Objective: To compare clinical and process outcomes of cognitive processing therapy-cognitive only version (CPT-C) delivered via videoteleconferencing (VTC) to in-person in a rural, ethnically diverse sample of veterans with posttraumatic stress disorder (PTSD).
Method: A randomized clinical trial with a noninferiority design was used to determine if providing CPT-C via VTC is effective and "as good as" in-person delivery. The study took place between March 2009 and June 2013. PTSD was diagnosed per DSM-IV. Participants received 12 sessions of CPT-C via VTC (n = 61) or in-person (n = 64). Assessments were administered at baseline, midtreatment, immediately posttreatment, and 3 and 6 months posttreatment. The primary clinical outcome was posttreatment PTSD severity, as measured by the Clinician-Administered PTSD Scale.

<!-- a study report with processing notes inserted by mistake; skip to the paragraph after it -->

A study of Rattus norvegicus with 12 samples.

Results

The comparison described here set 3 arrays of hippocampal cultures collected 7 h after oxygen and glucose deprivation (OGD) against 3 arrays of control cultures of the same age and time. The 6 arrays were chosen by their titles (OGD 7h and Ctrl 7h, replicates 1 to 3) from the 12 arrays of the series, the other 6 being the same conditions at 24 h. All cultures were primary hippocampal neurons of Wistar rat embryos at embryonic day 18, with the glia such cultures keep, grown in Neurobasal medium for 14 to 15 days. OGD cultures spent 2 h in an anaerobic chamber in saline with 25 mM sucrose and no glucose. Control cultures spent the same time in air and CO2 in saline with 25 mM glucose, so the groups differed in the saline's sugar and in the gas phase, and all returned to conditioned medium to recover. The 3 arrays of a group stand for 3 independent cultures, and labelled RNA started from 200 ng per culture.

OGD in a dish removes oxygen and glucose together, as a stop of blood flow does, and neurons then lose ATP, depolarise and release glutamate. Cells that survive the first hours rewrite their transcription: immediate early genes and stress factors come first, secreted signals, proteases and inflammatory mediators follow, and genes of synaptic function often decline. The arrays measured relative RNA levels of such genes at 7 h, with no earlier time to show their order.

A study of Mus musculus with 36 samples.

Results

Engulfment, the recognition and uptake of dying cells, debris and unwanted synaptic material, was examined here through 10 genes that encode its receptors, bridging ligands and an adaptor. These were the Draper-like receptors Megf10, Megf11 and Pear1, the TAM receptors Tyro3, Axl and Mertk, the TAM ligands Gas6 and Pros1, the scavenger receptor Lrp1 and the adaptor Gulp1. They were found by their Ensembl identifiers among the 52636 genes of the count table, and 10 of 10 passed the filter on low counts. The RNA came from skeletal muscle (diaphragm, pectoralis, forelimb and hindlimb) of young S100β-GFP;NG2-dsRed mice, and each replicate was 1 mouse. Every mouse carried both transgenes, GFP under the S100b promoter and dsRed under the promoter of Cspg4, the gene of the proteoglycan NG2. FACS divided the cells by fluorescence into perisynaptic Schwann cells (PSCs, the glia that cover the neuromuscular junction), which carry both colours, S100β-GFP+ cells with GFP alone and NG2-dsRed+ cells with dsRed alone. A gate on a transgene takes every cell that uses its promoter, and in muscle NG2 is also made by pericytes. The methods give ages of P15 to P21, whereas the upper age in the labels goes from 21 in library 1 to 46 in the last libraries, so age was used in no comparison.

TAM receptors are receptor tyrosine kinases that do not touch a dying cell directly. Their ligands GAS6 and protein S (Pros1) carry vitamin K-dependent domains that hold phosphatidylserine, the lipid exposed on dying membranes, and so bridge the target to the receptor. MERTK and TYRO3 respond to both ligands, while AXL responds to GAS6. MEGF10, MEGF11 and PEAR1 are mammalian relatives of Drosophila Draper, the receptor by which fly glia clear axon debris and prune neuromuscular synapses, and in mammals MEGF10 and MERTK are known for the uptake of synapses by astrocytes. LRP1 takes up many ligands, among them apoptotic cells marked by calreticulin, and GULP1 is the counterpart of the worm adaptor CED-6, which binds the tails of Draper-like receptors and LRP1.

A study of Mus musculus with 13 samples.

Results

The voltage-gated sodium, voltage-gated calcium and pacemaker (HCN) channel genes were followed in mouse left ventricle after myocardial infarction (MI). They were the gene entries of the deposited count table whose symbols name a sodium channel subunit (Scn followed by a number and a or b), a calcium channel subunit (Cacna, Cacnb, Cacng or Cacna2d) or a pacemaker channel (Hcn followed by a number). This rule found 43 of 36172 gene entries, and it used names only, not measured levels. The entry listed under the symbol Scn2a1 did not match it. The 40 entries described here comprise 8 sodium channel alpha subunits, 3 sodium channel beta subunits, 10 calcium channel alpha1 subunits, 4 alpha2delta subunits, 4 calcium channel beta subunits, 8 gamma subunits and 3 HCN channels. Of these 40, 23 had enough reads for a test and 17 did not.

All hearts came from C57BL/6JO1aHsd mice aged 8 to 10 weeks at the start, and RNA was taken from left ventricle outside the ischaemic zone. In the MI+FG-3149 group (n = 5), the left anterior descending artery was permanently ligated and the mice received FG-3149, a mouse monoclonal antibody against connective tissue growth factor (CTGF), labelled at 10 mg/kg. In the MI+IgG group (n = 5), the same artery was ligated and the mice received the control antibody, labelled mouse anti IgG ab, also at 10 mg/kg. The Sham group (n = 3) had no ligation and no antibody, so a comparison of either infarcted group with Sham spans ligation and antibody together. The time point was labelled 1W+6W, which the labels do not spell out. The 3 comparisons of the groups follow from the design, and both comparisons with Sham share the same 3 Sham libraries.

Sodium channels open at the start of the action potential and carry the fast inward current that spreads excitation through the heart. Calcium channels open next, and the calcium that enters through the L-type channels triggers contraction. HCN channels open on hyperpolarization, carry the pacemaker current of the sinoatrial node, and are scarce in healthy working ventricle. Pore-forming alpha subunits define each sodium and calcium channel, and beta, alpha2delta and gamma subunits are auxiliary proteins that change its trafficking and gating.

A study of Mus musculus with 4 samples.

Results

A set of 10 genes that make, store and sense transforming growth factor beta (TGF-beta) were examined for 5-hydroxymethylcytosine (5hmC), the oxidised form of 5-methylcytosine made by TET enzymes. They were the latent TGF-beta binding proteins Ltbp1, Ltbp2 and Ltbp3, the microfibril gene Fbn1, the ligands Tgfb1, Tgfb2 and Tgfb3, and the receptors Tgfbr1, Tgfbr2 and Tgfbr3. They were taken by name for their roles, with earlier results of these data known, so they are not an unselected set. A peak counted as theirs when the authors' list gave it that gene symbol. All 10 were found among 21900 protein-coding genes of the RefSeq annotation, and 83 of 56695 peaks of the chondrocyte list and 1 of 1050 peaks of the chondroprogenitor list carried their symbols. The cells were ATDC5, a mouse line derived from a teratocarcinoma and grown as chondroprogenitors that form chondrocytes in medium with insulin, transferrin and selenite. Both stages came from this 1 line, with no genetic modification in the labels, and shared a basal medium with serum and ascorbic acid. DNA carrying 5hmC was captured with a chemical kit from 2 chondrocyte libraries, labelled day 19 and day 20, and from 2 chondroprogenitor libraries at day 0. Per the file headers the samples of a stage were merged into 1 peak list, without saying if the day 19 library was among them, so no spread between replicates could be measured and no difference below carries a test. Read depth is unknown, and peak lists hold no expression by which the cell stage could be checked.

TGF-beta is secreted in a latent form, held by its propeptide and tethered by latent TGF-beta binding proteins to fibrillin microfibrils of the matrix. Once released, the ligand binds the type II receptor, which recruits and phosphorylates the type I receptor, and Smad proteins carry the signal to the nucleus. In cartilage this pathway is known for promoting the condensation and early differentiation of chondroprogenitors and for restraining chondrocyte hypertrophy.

Results: Clinical and process outcomes found VTC to be noninferior to in-person treatment. Significant reductions in PTSD symptoms were identified at posttreatment (Cohen d = 0.78, P < .05) and maintained at 3- and 6-month follow-up (d = 0.73, P < .05 and d = 0.76, P < .05, respectively). High levels of therapeutic alliance, treatment compliance, and satisfaction and moderate levels of treatment expectancies were reported, with no differences between groups (for all comparisons, F < 1.9, P > .17).
Conclusions: Providing CPT-C to rural residents with PTSD via VTC produced outcomes that were "as good as" in-person treatment. All participants demonstrated significant reductions in PTSD symptoms posttreatment and at follow-up. Results indicate that VTC can offer increased access to specialty mental health care for residents of rural or remote areas.
Trial registration: ClinicalTrials.gov identifier: NCT00879255.